IWW document attempting to discredit the Western Federation of Mines (WFM), originally used in the trial of the United States vs. William D. Haywood, et al. This exhibit was part of the deposition of John W. Hughes for the Michael Simmons vs. the El Paso and Southwestern Railroad Company.
UA Special Collections AZ 114 Box 1, folder 2, exhibit 115.
Do You Want a Contract?
The Metal Mine Workers of the I. W. W. wants bigger wages and shorter hours for the miners whether war has been declared or not. It not only wants them but it is going to get them.
The I. W. W. claims that wages now are too low when compared with the high cost of living.
The I. W. W. says the hours of labor in the mills, mines and smelters must be reduced in spite of hell or high water.
The I. W. W. is denied the privilege of renting halls or holding public meetings in all Arizona mining camps.
The I. W. W. has organized the most of the mine, mill and smelter workers in the Arizona camps. More are joining every day.
The I. W. W. refuses to sell the birthright of the miners for a mess of pottage. It stands out flat footed for the world for the workers regardless of international complications.
The Arizona State Labor Journal says if the companies will sign up contracts with their "union" there will be "peace and contentment."
The W. F. M. want’s to tie up all miners for three years with a contract for wages at 75 ct. a day lower than they are now getting.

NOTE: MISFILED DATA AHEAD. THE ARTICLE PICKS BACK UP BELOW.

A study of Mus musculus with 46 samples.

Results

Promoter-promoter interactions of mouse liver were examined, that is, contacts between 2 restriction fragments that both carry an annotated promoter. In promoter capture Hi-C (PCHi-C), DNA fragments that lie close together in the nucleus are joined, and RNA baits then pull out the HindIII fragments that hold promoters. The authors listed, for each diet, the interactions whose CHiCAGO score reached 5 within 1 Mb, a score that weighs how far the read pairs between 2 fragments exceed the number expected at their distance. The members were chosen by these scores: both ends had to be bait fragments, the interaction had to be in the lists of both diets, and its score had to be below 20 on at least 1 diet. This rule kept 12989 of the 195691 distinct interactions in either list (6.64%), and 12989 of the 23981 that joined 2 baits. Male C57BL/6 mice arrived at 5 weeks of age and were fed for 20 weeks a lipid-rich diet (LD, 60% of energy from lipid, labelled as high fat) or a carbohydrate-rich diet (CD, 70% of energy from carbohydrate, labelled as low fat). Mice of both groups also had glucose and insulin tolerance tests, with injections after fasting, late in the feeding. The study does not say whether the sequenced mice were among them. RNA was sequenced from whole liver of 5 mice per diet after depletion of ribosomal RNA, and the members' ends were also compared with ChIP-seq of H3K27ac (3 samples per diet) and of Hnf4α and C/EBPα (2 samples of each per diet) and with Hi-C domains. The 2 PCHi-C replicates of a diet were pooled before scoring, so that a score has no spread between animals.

The W. F. M. has assured the powers that be that they will not oppose working longer hours than they are now working if copper is needed to make munitions to kill more workingmen.
The W. F. M, is received with open arms in all mining camps by the corporations but not by the miners.
The W. F. M. has lost membership and prestige among the miners in exactly the same ratio that it has gained prestige among the mining corportations.
The W. F. M. is trying to deliver the mine, mill and smelter workers over to the corporations hog tied. They cannot deliver the goods, however, as they have no organization and the miners are on to their game.
In view of the above facts, with whom are you going to cast your lot? If the corporations refuse to let the I. W. W. hire halls or hold meetings, does it not show that the I. W. W. is opposed to their interests?
If the companies welcome the W. F. M. into their camps does it not show that they are sure of getting "value received"? Is it not a fact that this "value received" for the corporation spells serfdom and slavery for you for at least three years to come? If I. W. W. is opposed to the interests of the corporations don't you think you ought to line up in its ranks.
Throw down the gauntlet. Join the I. W. W. Let the companies know that a capitalist made war is not going to serve as a hood for them to weld anew the shackles that have fettered us for years. Now is the time. Be men now or be slaves to do the bidding of the corporation and their lackeys, the W. F. M. for three long years. What is your answer?
Notice to Mining Corporations and W. F. M. Officials
The I. W. W. has organized most of the miners of Arizona in its ranks. Neither it or its members will recognize any contracts or be bound by same and we serve notice that we propose to strike for shorter hours, better conditions and higher wages when ever the opportunity presents itself for such action. We also serve notice that we are willing to debate with any official of the W. F. M., at any time or place, the merits and demerits of the contract system.